Newly-discovered salivary glands could impact radiation therapy for some cancer patients
GREEN BAY, Wis. (WBAY) - It’s hard to imagine scientists discovering a new organ in the human body in 2020, but that’s what scientists in the Netherlands said they’ve found while doing cancer research.
Dutch scientists believe they’ve found another set of salivary glands near the top of the throat that have gone unnoticed for centuries.
“I was certainly surprised when i was reading about it,” said Dr. Jon Slezak, an otolaryngologist with BayCare Clinic.
Dr. Slezak said as a doctor, anatomy is usually one of those things that is thought of as relatively constant.
“We expect there to be the introduction of new medical materials, specifically with how to treat patients or how to diagnose something, but not with anatomy, that’s a constant,” said Dr. Slezak.
So when Dutch scientists with the Netherlands Cancer Institute released a paper in October saying they’ve found a new set of salivary glands where the nose and throat meet, Dr. Slezak said, “Certainly that was news to all of us. So yes, very surprised.”
According to the research, the scientists found the salivary glands while using a special scan, typically used for prostate cancer research.
“It’s in a very inaccessible location in the back of the nose and it’s not something that’s easily seen,” said Dr. Slezak.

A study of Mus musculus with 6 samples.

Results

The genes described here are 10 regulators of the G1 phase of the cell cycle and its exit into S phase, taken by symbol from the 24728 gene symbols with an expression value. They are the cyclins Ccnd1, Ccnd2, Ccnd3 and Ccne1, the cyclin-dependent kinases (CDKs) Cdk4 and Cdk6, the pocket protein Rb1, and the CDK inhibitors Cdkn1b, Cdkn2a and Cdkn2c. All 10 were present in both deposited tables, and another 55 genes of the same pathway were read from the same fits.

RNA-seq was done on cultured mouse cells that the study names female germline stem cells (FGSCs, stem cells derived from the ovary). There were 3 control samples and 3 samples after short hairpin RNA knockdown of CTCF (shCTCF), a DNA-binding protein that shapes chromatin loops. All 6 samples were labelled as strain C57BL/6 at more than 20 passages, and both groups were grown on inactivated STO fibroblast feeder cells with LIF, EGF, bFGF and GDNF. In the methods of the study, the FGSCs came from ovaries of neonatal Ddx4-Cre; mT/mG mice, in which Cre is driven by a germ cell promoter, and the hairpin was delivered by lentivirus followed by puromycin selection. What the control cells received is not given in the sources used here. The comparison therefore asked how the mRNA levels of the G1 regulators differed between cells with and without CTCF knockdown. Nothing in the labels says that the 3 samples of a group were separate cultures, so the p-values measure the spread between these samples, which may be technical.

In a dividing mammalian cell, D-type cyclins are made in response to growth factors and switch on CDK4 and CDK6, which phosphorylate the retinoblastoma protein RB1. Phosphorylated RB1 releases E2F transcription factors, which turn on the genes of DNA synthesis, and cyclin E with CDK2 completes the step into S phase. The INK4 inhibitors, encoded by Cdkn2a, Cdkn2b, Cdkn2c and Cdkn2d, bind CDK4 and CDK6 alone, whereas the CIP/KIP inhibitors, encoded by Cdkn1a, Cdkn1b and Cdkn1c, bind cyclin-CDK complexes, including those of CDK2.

Of all the patients examined, including two cadavers, the researchers found the newly discovered glands in everyone.
“The idea is that everyone has it,” said Dr. Slezak.
If everyone has the additional pair of salivary glands, what does it mean for patients?
“There’s an idea in medicine that you can’t diagnose something if you don’t think about it first and so now that this has kind of come to our attention, there’s gonna be a lot of different questions that are going to be asked to try to determine how clinically relevant and how significant this tissue is,” said Dr. Slezak.
Salivary glands help with chewing, swallowing and lubrication of the mouth and throat.
When people undergo radiation therapy for head or neck cancer, dry mouth and problems swallowing are common side effects. Dr. Slezak said salivary glands are very susceptible to damage from radiation therapy, so if these new ones can be spared, maybe it can help people be more comfortable through treatment.
“The more research that we can do to try to determine if preserving these areas, ahead of time, if that helps these patients outcomes in the long run, I think that would be fantastic,” said Dr. Slezak.